The "Menpes' Mona Lisa" (inset) looks right at home amongst the Australian bush as depicted by Arthur Streeton in his painting "Settler's Camp" (background).
No, there aren’t any Kangaroos in the background, and good old Mona isn’t flanked by gum trees. In fact, the Australian copy of Da Vinci’s Mona Lisa, which is about to go on display at the National Library of Australia in Canberra, is almost as good as the real thing — perhaps even better if you hail from the Land Down Under.
Painted by Adelaide-born artist Mortimer Menpes between 1900 and 1909, the replication, about two-thirds smaller than the original, was produced in response to Australia’s growing demand for international art at a time when it didn’t have access to works by the great European Masters. And Menpes didn’t stop there. His reproduction of Leonardo’s masterpiece was just one in a series of 38 copies of works by Old Master luminaries like Rembrandt, Gainsborough, Bellini, Rubens and Velasquez. The artist later donated the full collection to the Commonwealth Parliamentary Library, Australia’s earliest national cultural institution.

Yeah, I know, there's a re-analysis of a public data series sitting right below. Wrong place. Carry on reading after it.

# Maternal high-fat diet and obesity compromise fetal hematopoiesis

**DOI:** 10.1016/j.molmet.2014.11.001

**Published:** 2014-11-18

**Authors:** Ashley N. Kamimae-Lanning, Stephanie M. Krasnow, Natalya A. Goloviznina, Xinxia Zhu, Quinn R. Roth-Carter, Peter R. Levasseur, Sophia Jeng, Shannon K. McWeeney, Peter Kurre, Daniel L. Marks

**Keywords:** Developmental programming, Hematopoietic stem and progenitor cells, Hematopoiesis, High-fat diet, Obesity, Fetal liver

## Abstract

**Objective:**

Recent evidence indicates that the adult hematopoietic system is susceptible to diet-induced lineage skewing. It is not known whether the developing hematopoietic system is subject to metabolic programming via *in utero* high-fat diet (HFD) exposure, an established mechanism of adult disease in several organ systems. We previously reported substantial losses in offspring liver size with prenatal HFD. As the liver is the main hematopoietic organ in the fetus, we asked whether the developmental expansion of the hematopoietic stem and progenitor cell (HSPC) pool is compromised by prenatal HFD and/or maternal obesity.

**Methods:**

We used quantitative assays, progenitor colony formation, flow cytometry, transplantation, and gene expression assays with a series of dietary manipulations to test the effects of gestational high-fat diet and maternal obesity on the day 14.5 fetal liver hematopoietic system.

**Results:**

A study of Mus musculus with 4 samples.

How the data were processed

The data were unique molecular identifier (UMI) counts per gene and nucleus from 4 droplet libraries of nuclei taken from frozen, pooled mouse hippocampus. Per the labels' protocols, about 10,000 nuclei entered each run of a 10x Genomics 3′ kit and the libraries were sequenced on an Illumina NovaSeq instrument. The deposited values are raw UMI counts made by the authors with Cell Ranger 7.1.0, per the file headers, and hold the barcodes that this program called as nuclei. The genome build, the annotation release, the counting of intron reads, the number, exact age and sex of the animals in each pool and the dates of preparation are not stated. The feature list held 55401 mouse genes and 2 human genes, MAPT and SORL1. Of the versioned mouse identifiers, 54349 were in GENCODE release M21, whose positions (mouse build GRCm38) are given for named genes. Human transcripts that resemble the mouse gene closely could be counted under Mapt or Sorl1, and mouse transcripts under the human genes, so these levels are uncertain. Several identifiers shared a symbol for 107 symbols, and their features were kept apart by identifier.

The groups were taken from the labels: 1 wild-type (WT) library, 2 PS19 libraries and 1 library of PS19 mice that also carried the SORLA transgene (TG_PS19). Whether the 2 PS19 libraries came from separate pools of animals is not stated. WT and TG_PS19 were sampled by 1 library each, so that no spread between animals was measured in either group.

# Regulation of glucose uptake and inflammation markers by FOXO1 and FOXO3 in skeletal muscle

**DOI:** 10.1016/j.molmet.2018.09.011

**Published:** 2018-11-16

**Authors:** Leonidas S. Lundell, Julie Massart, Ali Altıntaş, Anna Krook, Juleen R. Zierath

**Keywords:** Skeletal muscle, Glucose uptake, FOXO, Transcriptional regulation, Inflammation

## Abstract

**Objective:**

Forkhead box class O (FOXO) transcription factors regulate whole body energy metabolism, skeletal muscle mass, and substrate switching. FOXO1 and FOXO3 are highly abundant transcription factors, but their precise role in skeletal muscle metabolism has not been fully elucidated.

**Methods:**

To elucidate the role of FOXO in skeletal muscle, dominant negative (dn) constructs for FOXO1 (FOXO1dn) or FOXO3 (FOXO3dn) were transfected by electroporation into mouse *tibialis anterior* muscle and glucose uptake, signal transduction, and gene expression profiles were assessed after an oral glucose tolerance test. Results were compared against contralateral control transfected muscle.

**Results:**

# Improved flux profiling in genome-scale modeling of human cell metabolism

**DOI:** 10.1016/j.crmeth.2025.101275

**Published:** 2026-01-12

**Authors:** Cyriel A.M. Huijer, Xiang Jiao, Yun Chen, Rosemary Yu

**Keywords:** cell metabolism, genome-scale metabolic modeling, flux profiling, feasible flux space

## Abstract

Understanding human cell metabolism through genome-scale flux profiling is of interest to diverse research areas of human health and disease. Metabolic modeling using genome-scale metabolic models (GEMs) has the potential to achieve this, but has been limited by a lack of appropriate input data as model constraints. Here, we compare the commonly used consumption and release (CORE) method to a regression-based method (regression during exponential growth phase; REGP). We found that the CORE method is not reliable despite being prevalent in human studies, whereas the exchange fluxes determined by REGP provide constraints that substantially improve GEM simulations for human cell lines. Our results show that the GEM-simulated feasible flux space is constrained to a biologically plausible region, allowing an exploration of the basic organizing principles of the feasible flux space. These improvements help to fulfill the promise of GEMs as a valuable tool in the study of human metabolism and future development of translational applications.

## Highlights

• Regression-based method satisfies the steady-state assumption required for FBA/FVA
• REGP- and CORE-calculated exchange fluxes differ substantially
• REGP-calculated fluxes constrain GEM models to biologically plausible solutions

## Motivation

A protégé of James McNeill Whistler, Menpes was inspired to create the series during his earlier period abroad. According to his 1938 obituary in the Sydney Morning Herald, written by Thea Cowan, “Menpes strolled around the galleries of Europe deciding which of the pictures of the old masters he should reproduce. His search led him to Russia, where the Czar showed him the famous Rembrandts at the Hermitage. When he returned, enthusiastically the Menpes family set to work to publish reproductions.”
Now valued at close to $1 million, a 2002 exhibition of the collection at the National Library of Australia, The Grand Masters by Mortimer Menpes, attracted 22,000 visitors. Menpes’ Mona Lisa will join the National Library of Australia’s NLA to Z exhibition at the Treasures Gallery beginning in early December 2012.